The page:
Taking part in a clinical trial may be the best treatment choice for some chronic lymphocytic leukemia (CLL) patients. Clinical trials are under way to improve remission rates for CLL. Today's standard treatments for cancer are based on earlier clinical trials. The Leukemia & Lymphoma Society continues to invest funds in CLL research.
Below are some of the types of research and trials for new or improved drug therapies under way:
Kinase Inhibitor Therapy
Kinases are enzymes that are found in both normal cells and cancer cells. Some cancer cells can be targeted by kinase inhibitor drugs that destroy the cancer cells. Kinase inhibitor drugs may be associated with fewer side effects than some other chemotherapy agents. There are many different kinases in CLL cells, including a phosphatidylinositol 3-kinase (PI3-kinase) and Bruton tyrosine kinase (BTK). Examples of kinase inhibitor therapy include
- ACP-196. ACP-196 is an orally administered BTK inhibitor. This drug is in clinical trials for CLL patients. These patients have reached remission taking ACP-196 alone. The side-effect profile has been good. This drug, like ibrutinib, does cause temporary lymphocytosis (high lymphocyte count) when given by itself but this has not been shown to have any significant clinical consequence. There are other BTK inhibitors also in clinical trials at this time.
- Duvelisib (IPI-145). Duvelisib is an orally administered PI3-kinase inhibitor. It is currently in phase 3 clinical trials for CLL where significant durable remissions have been observed. Clinical trials are now combining this with other therapeutics in CLL. This agent also causes temporary lymphocytosis (high lymphocyte count) when given by itself but this has not been shown to have any significant clinical consequence. It has many of the same side effects as idelalisib.
- ABT-199. ABT is a B cell CLL/lymphoma 2 (BCL-2) inhibitor being studied in people with high-risk genetic features whose CLL has responded to few, if any, standard treatments. It is being studied to treat CLL or prolymphocytic leukemia that is refractory to fludarabine. It is very active in CLL and currently is being tested in phase 3 clinical trials.
- Dinaciclib. Dinaciclib is a second-generation cyclin-dependent kinase (CDK) inhibitor being studied in patients with relapsed CLL who are not responsive to other therapies. It has shown activity in this group including patients with high-risk genetic features..
MOR208 is an antibody that targets CD19 on the surface of CLL cells. It is being studied in phase 1/2 clinical trials in CLL and in combination with other therapies such as lenalidomide. Antibodies and antibody-like molecules (otlertuzumab) are also being developed clinically at this time.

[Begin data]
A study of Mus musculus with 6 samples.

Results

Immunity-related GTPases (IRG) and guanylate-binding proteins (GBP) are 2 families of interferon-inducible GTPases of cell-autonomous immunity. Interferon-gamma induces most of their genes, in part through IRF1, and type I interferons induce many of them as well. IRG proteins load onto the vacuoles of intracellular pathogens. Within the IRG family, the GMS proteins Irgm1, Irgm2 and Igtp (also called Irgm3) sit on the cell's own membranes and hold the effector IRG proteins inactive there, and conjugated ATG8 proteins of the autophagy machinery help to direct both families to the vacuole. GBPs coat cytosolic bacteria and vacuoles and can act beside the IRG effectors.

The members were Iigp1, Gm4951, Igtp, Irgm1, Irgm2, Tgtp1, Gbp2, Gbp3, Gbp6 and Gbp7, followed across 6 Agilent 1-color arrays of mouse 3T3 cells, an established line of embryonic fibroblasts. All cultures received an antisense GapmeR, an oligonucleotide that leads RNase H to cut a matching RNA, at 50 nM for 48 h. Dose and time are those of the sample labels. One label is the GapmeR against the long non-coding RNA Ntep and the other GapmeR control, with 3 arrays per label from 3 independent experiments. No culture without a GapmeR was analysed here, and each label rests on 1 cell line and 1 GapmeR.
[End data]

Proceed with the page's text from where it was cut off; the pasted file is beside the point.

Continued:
Lenalidomide (Revlimid®) is a targeted oral drug that is used to treat patients with myeloma. It stimulates a person’s own immune system to attack cancer cells. This drug is being evaluated in several CLL trials, including a phase 3 study, to determine if Revlimid, given as a maintenance therapy, is safe and effective in further improving the quality and duration of the response to treatment. This study will compare the effects of Revlimid with the effects of a placebo. Other studies include Revlimid with Rituxan® or Arzerra®; Revlimid, fludarabine and Rituxan combined for minimally treated and untreated CLL patients; and Revlimid and ibrutinib combined for patients with advanced-relapsed or refractory CLL. One problem that has emerged in patients with long-term (maintenance) use of Revlimid in multiple myeloma has been the occurrence of secondary cancers. The relevance of this finding to CLL is uncertain although the current trials with Revlimid are being monitored very carefully for this complication. Other targeted molecules (CC-122) similar to lenalidomide are beginning clinical development in CLL.
Allogeneic Stem Cell Transplantation
Experts are also studying allogeneic stem cell transplantation to specifically treat high-risk CLL patients in clinical trials. Doctors are already using them as an investigational treatment option. Meanwhile, experts are hoping to find ways to reduce a transplant's toxicity and make it a possible therapy for more people with CLL. Stem cell transplantations have a high risk of serious complications.
Reduced-Intensity Allogeneic Stem Cell Transplantation
Doctors are studying a reduced-intensity stem cell transplantation, also called a nonmyeloablative transplantation, that may help some CLL patients, such as those who are older and those who have poor overall health, better tolerate stem cell transplantation. Unlike standard transplantation, reduced-intensity transplantation doesn't completely destroy the patient's diseased marrow and relies on donor immune cells to fight the disease.